Opinions differ on non-violent offender center
By MARK MARONEY
Mayor Gabriel J. Campana and a Lycoming County judge may not be that far apart on their ideas of how to manage non-violent offenders who come through the court system, but Campana doesn’t want to see a day reporting center within city limits.
Campana and Judge Nancy L. Butts were interviewed Wednesday on the concept of a day reporting center, with Campana asking one of two city solicitors to prepare a resolution preventing it from being located in the city and Butts explaining her rationale behind the center as a place to prevent repeat crimes and lower prison population.
Butts said she’s not “wedded” to any location – after the prison board discussed possible locations including the former Mater Dolorosa Church, 635 Hepburn St., and a building at West Third and Hepburn streets.
The facility would be designed with the intention of reducing prison population and recidivism, or repeat crimes. It would be supervised and could provide a place for teaching those who broke the law how not to reoffend, instructing them on career counseling and improving their chances for landing a job.
Campana does not dispute that intention. But he suggested it be put at the county farm property in Loyalsock Township close to the county pre-release center, some 6.5 miles from the county prison.
Butts countered that idea by claiming bus service to that site is lacking, especially for the amount of expected use and purpose of such a facility. She said a city location would be more convenient.
Butts acknowledged she received a letter by Campana calling for discussion on the matter with commissioners, who would make the final decision.
“Our hope is that non-violent offenders can be rehabilitated to not violate their conditions of probation,” Butts said. “It would not be a magnet to bring unlawful offenders.”
The commissioners have given the Prison Board approval to come up with an idea for proposals and look at different locations for such a facility, she said.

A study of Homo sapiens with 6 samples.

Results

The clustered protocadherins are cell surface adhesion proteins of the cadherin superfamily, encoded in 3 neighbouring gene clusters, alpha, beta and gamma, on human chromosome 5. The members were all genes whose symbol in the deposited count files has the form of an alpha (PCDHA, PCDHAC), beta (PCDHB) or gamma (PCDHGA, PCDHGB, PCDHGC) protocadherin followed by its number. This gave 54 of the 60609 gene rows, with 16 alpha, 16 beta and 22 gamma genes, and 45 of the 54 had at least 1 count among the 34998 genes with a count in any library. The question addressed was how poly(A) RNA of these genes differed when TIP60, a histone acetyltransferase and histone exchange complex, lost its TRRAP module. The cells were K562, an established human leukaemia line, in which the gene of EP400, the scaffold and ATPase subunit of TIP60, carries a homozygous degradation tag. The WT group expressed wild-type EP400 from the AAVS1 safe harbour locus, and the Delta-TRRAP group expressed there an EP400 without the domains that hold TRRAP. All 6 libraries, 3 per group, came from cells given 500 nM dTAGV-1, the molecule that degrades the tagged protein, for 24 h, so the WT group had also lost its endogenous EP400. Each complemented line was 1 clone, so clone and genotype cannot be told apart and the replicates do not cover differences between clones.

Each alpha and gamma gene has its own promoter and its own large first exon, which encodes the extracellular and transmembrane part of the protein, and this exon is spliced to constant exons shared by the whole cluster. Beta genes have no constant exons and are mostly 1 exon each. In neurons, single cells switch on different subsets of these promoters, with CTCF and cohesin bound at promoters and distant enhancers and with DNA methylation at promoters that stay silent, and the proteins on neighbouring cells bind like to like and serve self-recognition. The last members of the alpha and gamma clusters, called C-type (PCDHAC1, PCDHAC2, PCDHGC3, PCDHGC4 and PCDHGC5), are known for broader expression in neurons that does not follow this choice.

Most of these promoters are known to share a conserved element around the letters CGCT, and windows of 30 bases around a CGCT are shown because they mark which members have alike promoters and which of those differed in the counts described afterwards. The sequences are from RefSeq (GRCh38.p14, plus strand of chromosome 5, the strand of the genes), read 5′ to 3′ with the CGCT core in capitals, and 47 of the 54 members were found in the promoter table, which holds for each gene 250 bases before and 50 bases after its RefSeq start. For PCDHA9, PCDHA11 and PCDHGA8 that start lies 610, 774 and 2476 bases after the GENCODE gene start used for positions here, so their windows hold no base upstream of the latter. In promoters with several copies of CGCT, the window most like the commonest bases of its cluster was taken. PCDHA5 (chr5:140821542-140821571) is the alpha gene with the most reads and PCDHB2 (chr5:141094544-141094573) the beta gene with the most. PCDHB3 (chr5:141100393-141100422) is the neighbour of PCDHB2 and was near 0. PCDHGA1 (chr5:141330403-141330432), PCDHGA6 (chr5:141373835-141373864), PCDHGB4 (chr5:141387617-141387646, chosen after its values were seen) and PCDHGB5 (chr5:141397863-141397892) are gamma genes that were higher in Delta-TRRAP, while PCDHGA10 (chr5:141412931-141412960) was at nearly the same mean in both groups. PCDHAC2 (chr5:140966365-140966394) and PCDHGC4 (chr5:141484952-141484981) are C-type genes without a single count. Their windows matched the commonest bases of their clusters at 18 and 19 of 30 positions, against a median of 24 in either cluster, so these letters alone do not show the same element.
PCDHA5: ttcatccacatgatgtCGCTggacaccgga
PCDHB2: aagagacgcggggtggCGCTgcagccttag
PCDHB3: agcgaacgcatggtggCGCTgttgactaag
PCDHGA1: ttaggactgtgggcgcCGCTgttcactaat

As they have, incidents of driving while under the influence have steadily increased, according to Butts. The same holds true for retail thefts and a center could provide a place for those who steal items from stores to receive classes designed to alter their behaviors, she said.
Campana said he isn’t opposed to such education and job-skill programs, but is fearful they can end up causing the wrong image in the city.
As a city resident for the past 30 years, Butts said she would rather have a place where non-violent offenders are supervised rather than left to their own devices.
Such supervision could include job skills training, resume writing, career preparation and continuing education, she said. “If they violate the conditions of probation they go to jail,” Butts said. Why not have someone get counseling for DUI, not sit in prison or a work crew without a job? Butts asked. Such offenders of the law can receive their general equivalency diploma – which can be available by online services next year – or learn a marketable or job skill while under highly supervised watch, she explained. They could train for employment, learn how to prepare a resume – skills that can be learned at CareerLink or the James V. Brown Library, but that are not accessible to those incarcerated.
As for the resolution, city solicitor Norman Lubin said City Council can pass it calling for what Campana wants, but resolutions aren’t ordinances, and the county can do what it wants, but will have to follow zoning laws.
“I concur with the position of the mayor,” said city Police Chief Gregory A. Foresman. “The county ought to look at other options prior to making that commitment.”
Butts said she would welcome a public discussion on how to better manage the non-violent offender population and make the county and city a safer place.
For Campana, the matter is a delicate balance as the county commissioners contribute money and plan for mutually beneficial projects related to housing needs and road repairs in Williamsport.